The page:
It had to happen sooner or later…

As Alice’s Mummy has pointed out: “at least it happened on your watch”.

Alice, amongst many other things, is an avid rugby fan. By that, I mean she has been dragged to rugby grounds around the country to watch Rugby at her father’s whim and enjoys the sweets enough to make it worth her while. She has been known to shout “har-le-quins” on occassion too. We have been visiting the Twickenham Stoop to watch Quins for over a decade and Alice, since she was just six weeks old. Our friends who sit around us have grown up with Alice’s Ears and all know about the journey she has been on. It is a wonderful, family club.

On Saturday we trecked out along the usual beaten path, from the Sussex Pub to the Stoop. Alice happy and skipping along the way on a cold, dank, Saturday afternoon. She took a minor tumble en-route, but nothing that wasn’t solved by a brush down and a big hug. Or so we thought.

Alice has always been fantastic at reporting issues with her CIs. When they are on, when they are off, when there are technical problems and, more recently, when there is a problem with a map. It makes our lives so much easier and is testament to how well she gets on with them.

Half way through the first-half of the game on Saturday, Alice reached under her hat and turned to me saying “Daddy, my ear’s fallen off”. Not to worry I thought, it will be hanging in your clothes somewhere and we will find it straight away. Only we didn’t…

It was not in her clothes (despite the strip-searches in near-Zero temperatures) it was not on the floor, it was not in a pocket it was nowhere to be seen. Panic ensued. We retraced our steps over the 1km back to the car – nothing. We were sitting in a rugby ground with 13,000 merry rugby supporters who wouldn’t even know what a speech-processor was if they found it. Help.

And yet again we are reminded of the fragility of Alice’s hearing. We were surprised that she hadn’t reported it missing sooner as she relies on both her ears to hear as well as she does. I guess the fall must have confused her more than we thought.

I can only thank the kind gentleman who found it on the path leading to the ground. The Steward who handed it to the club and the club for phoning me within half-an-hour of the game finishing to reunite us with Alice’s ear. Harlequins FC should be rightly proud of how the helped us.

But here is the thing, it is easy to get complacent when your child is doing so well. To forget that Alice’s world is dependent on microchips and batteries. If they break, or disappear (who hasn’t broken or lost a phone for example?) Alice’s world and ours turns upside down. It is a technology Alice and we have come to rely on but it is one that we cannot take for granted – not even for a moment.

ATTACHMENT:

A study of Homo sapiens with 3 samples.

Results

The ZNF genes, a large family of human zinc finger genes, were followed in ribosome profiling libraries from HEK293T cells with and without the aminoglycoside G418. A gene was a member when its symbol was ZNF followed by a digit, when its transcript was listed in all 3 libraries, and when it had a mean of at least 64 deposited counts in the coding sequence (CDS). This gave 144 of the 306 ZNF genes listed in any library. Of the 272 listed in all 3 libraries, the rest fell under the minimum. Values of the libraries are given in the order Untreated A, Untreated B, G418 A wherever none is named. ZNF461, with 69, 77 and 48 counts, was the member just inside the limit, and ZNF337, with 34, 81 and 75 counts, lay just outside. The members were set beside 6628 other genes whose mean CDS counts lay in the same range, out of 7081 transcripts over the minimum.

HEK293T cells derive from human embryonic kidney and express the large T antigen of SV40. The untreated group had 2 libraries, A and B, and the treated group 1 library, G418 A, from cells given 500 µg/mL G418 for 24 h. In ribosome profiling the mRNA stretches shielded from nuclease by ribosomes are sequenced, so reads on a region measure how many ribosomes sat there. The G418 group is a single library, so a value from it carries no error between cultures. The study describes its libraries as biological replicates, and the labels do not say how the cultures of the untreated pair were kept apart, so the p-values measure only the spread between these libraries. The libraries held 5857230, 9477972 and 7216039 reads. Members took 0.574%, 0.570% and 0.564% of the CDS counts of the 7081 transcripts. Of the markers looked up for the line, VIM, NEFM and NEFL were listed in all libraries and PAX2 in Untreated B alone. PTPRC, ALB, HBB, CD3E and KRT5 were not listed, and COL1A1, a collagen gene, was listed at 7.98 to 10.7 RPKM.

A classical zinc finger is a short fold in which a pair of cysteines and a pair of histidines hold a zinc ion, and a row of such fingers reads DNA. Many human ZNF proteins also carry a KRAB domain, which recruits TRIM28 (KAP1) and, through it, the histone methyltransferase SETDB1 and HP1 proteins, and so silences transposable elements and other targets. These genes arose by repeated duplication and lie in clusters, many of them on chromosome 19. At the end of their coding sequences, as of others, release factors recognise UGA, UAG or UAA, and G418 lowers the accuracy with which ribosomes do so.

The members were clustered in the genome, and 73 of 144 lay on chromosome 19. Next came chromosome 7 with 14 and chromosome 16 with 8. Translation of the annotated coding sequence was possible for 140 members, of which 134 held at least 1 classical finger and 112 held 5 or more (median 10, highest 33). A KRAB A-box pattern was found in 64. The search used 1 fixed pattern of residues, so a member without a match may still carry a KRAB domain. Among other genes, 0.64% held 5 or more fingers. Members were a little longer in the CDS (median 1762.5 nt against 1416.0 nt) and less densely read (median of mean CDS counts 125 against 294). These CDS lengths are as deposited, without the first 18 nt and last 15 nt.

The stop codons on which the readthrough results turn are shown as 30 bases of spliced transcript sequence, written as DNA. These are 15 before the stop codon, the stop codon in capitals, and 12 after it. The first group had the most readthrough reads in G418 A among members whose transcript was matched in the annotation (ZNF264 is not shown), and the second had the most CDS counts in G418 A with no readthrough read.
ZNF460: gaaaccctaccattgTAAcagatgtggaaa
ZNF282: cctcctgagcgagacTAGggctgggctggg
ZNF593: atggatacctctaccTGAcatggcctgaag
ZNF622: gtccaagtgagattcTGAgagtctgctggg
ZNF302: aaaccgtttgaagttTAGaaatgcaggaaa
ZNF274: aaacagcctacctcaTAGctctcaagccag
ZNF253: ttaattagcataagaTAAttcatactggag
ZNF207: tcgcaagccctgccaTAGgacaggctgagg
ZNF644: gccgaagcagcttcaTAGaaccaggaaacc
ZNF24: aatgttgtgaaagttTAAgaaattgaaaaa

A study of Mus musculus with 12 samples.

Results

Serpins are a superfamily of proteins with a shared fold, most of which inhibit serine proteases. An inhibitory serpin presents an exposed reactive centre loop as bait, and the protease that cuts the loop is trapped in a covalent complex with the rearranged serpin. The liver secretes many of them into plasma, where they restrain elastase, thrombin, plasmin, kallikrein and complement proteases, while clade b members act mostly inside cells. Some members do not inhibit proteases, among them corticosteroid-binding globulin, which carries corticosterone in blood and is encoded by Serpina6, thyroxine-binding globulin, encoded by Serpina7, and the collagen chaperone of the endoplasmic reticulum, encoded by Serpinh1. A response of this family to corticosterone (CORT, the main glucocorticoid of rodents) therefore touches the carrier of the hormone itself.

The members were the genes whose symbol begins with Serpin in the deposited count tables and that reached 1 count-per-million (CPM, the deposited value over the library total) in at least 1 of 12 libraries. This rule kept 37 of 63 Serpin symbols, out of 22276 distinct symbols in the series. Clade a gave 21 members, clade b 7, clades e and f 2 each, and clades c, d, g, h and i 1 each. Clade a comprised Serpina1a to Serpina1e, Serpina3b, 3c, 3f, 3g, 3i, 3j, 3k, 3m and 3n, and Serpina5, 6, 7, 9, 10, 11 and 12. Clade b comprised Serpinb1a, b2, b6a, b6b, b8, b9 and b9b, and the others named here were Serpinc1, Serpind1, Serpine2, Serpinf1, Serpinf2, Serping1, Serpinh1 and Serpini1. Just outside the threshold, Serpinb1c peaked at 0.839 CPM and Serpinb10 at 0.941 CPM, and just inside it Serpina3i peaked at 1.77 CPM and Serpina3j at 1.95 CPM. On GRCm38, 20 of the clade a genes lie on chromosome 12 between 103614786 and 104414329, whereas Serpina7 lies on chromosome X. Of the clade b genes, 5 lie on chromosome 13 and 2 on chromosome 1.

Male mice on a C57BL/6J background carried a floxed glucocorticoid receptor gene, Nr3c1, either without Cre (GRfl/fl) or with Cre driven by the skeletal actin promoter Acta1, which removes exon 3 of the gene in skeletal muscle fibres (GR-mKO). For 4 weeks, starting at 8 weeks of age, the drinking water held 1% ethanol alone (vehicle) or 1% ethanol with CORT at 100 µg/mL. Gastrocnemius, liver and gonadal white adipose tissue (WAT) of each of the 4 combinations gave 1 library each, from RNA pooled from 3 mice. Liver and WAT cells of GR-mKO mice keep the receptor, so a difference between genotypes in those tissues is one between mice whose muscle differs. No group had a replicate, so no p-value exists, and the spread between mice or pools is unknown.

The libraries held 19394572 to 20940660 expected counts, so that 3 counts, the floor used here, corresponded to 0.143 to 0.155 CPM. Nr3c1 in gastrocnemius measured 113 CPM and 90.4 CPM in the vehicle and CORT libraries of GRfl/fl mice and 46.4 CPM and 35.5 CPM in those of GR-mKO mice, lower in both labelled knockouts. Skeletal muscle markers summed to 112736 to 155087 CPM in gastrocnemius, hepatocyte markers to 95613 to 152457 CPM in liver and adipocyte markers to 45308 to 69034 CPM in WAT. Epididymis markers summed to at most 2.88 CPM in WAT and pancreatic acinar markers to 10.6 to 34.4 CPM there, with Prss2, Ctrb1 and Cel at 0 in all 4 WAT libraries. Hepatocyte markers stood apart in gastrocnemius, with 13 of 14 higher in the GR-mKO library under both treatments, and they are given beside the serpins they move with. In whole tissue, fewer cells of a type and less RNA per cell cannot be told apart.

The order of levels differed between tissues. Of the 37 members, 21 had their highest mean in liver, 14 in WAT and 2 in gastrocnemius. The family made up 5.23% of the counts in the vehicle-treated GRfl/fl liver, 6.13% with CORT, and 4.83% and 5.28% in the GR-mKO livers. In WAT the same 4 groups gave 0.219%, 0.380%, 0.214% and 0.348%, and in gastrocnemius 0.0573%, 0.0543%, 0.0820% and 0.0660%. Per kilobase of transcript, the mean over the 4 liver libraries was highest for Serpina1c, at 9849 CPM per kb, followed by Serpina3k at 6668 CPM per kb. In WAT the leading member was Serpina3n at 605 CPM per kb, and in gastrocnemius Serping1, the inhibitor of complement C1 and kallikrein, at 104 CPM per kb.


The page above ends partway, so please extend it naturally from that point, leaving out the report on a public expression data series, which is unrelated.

I can’t wait until Oliver has his fitted and we have four processors to look after. Dear God.


Sore calf muscles…

Those of you who follow our blog will be aware of the esteem in which we hold Auditory Verbal UK, without whose help, Alice wouldn’t be where she is today and without whom Oliver’s future in the hearing world would not be so bright.

You will also know how, as a family, we do whatever we can to help them to help others.

Over the past three years, Alice’s Mummy and I have taken part in Triathalons and have rowed the Thames twice to raise money for our friends at AV. In doing so, we have raised c. £12,000 and we know what a difference this makes to them.

I am not built for running. Any rower will tell you that the muscles are all in the wrong places and I’m just too damn heavy. Hence the prospect of a half – marathon around Silverstone race track fills me with horror. Particularly as it is in only seven weeks’ time. Nonetheless, I have been fighting the frost and trudging the pavements of Surrey in training. My calves are agony and I have blisters on my blisters.

If you have a spare moment, do please visit my JustGiving page and, if you are able, give whatever you can to support me in my run and to help such a wonderful organisation that really does change people’s lives.